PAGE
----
Cendrillon – Conte de fées in four Acts to a libretto by Henri Cain after Charles Perrault’s fairytale [sung in French, with English supertitles]
Pandolfe – William Dazeley
Madame de la Haltière – Agnes Zwierko
Noémie – Eduarda Melo
Dorothée – Kezia Bienek
Cinderella (Cendrillon) – Alix Le Saux
The Fairy – Caroline Wettergreen
Spirits – Suzanne Fischer, Jacquelyn Parker, Jennifer Witton, Leslie Davis, Rhiain Taylor, Eirlys Myfanwy Davies
Prince Charming – Eléonore Pancrazi
The Master of Ceremonies – Romanas Kudriašovas
The Dean – Anthony Osborne
The Prime Minister – Michael Wallace
The King – Adam Marsden
Robin Gladwin, Ryan Munroe, Emily Thompson-Smith, Sophie Thorpe, Connor Williams (dancers)
The Glyndebourne Chorus
Glyndebourne Tour Orchestra
Fiona Shaw – Director
Jon Bausor – Set Designer
Nicky Gillibrand – Costumes
Anna Watson – Lighting
Sarah Fahie – Choreography
Reviewed by: Peter Reed
Reviewed: 13 October, 2018
Venue: Glyndebourne Opera, Lewes, East Sussex, England
Massenet’s Cendrillon was a triumph at its Paris premiere in 1899, but, like other Massenet operas, it has not exactly thrived. In the British Isles over the past twenty-five years or so, it has appeared at Wexford, WNO, Royal Academy of Music (twice) and in a star-studded Laurent Pelly production that touched down at Covent Garden in 2011. Three of my opera reference books don’t even mention it. As far as Massenet is concerned, Manon and Werther rule, with Don Quichotte a long stop.
Fiona Shaw’s new staging for Glyndebourne (its first), on tour this autumn then at the 2019 Summer Festival, has provided Perrault’s Cinderella story with contemporary stiffening and an Angela Carter-ish fairy-tale reinterpretation that captures its sadness and comedy. Nicky Gillibrand subversive costumes give constant pleasure, and Jon Bausor’s set is a hall, either in Cinderella’s father’s castle or in Prince Charming’s palace, which easily transforms into a hall of mirrors, in which you are never sure who or what is being reflected back to whom or what, the illusion heightened by the big shadows cast by Anna Watson’s excellent lighting, and Shaw elides dream, sleep, fantasy and reality with great skill and lightness of touch.
Within the bare bones of the familiar panto story, Shaw’s staging consistently keeps in touch with the floating world of innocence and the siren call of experience, and if there are instances when you might not get an allusion – they come thick and fast – there are others, particularly to do with her no-nonsense, sympathetic view of childhood, that hit home with that tear-jerking shock of recognition. There is also much humour, primarily down to Cinderella’s stepmother Madame de la Haltière and daughters Noémie and Dorothée, here a trailer-trash trio of slapstick vulgarity, incidentally completely at odds with Madame’s reminiscences of her centuries-old ultra-noble family, and thoughtless rather than deliberately cruel to Cendrillon and her poor old father. Botox jabs and incessant pouty selfies play a crucial part in their preparations for Prince Charming’s ball. Cendrillon’s transformation into a beautiful princess is a delight, and it is not a spoiler to note that, during the short prelude, set in a swanky shoe shop – shoes, for obvious reasons, are fetish objects throughout the evening – we get a glimpse of the child Cinderella with both her real parents, her mother later appearing as the Fairy.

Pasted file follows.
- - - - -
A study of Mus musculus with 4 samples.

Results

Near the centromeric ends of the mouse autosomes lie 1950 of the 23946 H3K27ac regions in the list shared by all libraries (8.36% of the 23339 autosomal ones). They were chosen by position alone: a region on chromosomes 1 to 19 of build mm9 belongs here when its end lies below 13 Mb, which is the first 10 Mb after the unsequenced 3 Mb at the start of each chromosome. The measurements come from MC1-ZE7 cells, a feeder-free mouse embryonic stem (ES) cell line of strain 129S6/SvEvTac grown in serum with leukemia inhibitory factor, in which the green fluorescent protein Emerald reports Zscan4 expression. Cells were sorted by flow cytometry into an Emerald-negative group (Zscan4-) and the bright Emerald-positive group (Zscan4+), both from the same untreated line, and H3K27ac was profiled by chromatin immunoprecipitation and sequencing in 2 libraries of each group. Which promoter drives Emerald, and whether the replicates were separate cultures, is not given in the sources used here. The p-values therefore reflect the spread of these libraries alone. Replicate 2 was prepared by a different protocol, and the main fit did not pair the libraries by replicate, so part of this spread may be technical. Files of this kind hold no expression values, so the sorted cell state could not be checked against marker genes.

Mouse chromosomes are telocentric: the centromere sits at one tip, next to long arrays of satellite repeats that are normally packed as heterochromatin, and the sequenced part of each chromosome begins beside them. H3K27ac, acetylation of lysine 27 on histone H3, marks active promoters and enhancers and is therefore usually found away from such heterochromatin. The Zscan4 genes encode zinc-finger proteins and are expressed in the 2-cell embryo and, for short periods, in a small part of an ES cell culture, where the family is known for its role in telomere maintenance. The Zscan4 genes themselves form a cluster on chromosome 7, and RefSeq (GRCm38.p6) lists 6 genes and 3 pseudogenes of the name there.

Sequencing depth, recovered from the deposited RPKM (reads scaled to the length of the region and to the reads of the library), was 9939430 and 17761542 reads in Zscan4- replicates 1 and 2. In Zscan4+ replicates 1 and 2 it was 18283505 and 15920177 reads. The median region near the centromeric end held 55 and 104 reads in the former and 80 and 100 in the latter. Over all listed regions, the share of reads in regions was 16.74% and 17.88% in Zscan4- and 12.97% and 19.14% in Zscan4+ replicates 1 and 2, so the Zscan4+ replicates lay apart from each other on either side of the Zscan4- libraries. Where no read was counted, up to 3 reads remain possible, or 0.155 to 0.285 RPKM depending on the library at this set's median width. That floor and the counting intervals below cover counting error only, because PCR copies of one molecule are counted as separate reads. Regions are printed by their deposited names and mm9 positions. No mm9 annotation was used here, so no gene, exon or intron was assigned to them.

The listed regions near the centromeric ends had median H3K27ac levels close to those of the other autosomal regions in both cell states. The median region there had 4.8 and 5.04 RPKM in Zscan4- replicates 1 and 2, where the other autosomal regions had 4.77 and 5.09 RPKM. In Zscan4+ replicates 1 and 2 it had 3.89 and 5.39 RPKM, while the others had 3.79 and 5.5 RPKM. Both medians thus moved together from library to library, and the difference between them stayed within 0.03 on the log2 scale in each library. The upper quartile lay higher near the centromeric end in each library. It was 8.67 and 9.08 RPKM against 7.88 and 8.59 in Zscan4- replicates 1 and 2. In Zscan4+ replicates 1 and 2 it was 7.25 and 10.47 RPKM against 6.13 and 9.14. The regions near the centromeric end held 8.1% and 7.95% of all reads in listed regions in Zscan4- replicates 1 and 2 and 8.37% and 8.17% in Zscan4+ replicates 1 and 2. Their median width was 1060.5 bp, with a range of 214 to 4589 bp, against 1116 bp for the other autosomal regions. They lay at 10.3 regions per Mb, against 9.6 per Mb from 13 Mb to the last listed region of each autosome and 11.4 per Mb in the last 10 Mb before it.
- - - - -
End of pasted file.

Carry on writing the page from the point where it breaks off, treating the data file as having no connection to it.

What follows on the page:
Massenet’s music comes in for a lot of stick for being ingratiating, light and sweet. Yet it has a fluency that goes off in many unexpected directions, the Baroque pastiche – in Shaw’s staging, at least – takes on an attractive, sly irony, and its irresistible tunefulness cleverly matches the libretto. And then, in Act Three in a break from the traditional story, Cendrillon – sans dress, sans glass slipper, sans everything – runs out into the Winter forest intending to die of hopeless love for her Prince and is magically saved, and Massenet comes up with music as passionate and muscular as anything in Werther, matched by the equally magic insight and ingeniousness of Shaw’s staging.
The predominantly female singers are strongly cast. I’d have liked a bit more warmth to Alix Le Saux, but as a whole her Cendrillon has the right sort of Arthur Rackham-like fairy-tale distraction and elusiveness – half-character, half-stereotype, all pathos – and her Prince Charming, Eléonore Pancrazi, is also a find, with a lovely, seductive mezzo and looks that, for a britches role, suggest eroticism rather than state it. Agnes Zwierko’s Mme de la Haltière is a gorgon in a mauve-velour tracksuit with, considering the role, an attractively mellow rather than formidable voice and has an appalling brace of daughters in Eduarda Melo and Kezia Bienek.
As the Fairy – that is, Cendrillon’s Fairy Godmother – Caroline Wettergreen delivers the show-off coloratura with pinpoint panache, and I very much take to her mix of exasperation with and love for Cendrillon. William Dazeley maintains an exhausted gravitas as the hapless Pandolfe and sings beautifully in his duet celebrating the return of Spring with his daughter. The Fairy’s spirit-band of dancers supplies mischief and menace, and there is a lively chorus of maids, footmen and courtiers. There are all sorts of orchestral highlights, including a concert mystérieux for lute, viola d’amore and crystal flute and a Spring pastorale from the back of the auditorium, and Duncan Ward and the orchestra have the measure of the score’s transparency, fluency and sinew. Fiona Shaw directed an unforgettable Rape of Lucretia for Glyndebourne five years ago; this Cendrillon is in that league.